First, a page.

Florence Delorez Griffith Joyner, also known as Flo-Jo, was an American track and field athlete. She is still considered the fastest woman of all time - the world records she set in 1988 for both the 100 m and 200 m have yet to be seriously challenged. Star of the 1988 Olympics Florence Griffith-Joyner developed epilepsy in her 30s and died in her sleep as the result of an epileptic seizure in 1998 at the age of 38.
Florence Griffith "Flo-Jo" Joyner - American track and field athlete. She is considered the fastest woman of all time based on the fact that the world records she set in 1988 for both the 100 m and 200 m still stand and have yet to be seriously challenged. She died in her sleep as the result of an epileptic seizure in 1998 at the age of 38.
After winning the 100 meters in the Los Angeles Olympics, Evelyn Ashford (right) hugs teammate Jeanette Bolden. August 6, 1984. In addition to the 100 m, Evelyn won the 4 x 100 m relay in 1984. She returned to the Olympics in 1988 and 1992, winning two gold medals in the 4 x 100 m relay and a silver medal in the 100 m. Jeanette only won one gold medal, her career ended when she ruptured her Achilles tendon at the 1988 Olympic trials. Today she is a track and field coach at UCLA.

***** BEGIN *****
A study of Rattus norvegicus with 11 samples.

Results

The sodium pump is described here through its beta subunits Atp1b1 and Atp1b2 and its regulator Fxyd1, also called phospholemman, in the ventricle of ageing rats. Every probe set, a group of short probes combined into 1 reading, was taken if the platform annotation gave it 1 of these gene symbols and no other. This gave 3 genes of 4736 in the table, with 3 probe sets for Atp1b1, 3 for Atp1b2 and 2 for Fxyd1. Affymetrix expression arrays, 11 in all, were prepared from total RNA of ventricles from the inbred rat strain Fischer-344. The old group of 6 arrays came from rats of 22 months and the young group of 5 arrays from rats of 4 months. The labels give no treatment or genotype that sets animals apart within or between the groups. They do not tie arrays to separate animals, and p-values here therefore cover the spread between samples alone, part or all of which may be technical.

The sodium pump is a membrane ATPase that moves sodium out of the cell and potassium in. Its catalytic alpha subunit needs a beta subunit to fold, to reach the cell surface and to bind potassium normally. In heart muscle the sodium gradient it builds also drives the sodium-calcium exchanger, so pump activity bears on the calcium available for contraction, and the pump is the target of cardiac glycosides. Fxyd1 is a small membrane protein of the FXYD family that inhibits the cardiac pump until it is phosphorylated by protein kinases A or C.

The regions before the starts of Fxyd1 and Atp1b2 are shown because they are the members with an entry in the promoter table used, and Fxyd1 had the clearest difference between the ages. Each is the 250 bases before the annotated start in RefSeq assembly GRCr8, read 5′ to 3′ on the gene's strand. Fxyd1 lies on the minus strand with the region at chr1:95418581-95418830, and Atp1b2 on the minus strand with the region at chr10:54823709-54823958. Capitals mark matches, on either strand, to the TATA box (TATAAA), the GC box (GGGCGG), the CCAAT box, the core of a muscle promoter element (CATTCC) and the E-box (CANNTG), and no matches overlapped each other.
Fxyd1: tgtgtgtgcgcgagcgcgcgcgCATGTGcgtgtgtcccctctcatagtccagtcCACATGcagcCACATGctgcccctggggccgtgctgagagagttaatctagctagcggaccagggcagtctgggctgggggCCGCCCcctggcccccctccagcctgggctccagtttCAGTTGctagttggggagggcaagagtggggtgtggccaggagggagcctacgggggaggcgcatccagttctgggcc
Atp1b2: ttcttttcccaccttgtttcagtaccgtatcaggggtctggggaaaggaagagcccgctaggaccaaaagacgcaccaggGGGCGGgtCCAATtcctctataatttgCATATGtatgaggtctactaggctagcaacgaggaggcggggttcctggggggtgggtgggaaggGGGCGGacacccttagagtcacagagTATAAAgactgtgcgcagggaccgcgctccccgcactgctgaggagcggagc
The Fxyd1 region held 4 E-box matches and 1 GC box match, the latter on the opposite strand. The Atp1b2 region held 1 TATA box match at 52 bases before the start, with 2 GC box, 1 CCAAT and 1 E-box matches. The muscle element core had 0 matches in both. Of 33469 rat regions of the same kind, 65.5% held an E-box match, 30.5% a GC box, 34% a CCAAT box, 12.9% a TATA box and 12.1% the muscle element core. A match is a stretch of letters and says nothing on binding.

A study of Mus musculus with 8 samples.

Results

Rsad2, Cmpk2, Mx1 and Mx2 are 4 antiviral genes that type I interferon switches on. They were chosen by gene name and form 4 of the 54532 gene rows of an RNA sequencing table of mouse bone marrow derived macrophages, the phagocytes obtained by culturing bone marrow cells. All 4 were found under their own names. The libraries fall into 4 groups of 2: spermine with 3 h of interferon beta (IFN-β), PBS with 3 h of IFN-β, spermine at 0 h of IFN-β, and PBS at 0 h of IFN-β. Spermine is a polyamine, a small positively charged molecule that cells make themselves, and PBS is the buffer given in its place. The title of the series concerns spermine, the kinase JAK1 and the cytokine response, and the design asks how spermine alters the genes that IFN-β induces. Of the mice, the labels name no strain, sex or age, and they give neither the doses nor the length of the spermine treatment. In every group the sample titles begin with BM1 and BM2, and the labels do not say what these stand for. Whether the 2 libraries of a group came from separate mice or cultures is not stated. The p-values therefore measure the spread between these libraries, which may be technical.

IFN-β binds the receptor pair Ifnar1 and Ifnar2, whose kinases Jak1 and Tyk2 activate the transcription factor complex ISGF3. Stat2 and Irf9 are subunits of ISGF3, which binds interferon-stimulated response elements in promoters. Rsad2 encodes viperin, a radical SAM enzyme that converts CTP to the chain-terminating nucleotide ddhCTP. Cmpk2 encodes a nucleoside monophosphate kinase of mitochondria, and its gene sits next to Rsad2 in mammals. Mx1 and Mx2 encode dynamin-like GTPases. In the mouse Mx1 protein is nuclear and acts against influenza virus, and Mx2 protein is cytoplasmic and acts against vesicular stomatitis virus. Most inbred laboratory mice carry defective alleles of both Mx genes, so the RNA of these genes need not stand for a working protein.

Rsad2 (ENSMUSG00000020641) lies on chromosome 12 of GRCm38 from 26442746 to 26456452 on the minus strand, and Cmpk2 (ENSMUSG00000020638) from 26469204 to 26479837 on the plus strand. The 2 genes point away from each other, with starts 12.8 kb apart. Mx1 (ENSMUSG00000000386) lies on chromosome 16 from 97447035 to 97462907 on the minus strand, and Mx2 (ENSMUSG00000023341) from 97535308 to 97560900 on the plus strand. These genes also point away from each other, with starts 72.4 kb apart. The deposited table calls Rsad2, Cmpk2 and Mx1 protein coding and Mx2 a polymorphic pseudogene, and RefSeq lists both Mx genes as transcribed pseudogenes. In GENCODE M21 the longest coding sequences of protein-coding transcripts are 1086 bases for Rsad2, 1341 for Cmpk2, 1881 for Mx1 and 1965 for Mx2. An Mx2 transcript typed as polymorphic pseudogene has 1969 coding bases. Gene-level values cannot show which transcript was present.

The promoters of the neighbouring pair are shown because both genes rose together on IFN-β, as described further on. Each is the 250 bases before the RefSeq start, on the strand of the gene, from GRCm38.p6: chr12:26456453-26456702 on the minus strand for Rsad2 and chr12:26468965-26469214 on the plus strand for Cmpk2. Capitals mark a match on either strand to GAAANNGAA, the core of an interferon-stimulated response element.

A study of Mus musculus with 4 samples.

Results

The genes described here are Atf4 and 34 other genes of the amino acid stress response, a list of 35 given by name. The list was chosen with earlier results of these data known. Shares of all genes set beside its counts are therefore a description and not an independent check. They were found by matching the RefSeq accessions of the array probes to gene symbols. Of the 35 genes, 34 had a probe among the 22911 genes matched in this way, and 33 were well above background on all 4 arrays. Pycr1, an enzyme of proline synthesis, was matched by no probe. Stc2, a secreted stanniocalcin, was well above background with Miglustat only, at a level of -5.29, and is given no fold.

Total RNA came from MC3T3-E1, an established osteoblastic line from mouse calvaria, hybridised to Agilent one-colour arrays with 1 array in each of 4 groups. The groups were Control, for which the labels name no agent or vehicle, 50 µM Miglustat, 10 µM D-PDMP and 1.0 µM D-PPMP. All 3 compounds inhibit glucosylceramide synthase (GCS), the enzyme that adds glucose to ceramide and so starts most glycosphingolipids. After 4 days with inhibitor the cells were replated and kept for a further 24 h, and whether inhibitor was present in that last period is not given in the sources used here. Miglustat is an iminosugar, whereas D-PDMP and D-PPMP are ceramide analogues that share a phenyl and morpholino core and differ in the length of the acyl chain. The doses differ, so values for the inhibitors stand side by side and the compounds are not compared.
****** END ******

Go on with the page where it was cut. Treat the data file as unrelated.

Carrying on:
Swimming a two-minute 100 m could be the best of times or the worst of times. You might start out as a beginning adult swimmer, just grateful to complete the distance without stopping. With improved technique and endurance, your swim times improve, along with your dissatisfaction for your previous performance. As of 2011, the Olympic record for the...
longest-motorcycle-full A huge mass of onlookers gathered round to watch eccentric inventor Bharat Sinh Parmar (India) ride and pose on his super-stretched motorcycle. To attain his record Bharat had to successfully ride the bike for a minimum distance of 100 m (328 ft) continuously and unassisted – a tricky challenge for such a long, two-wheeled vehicle.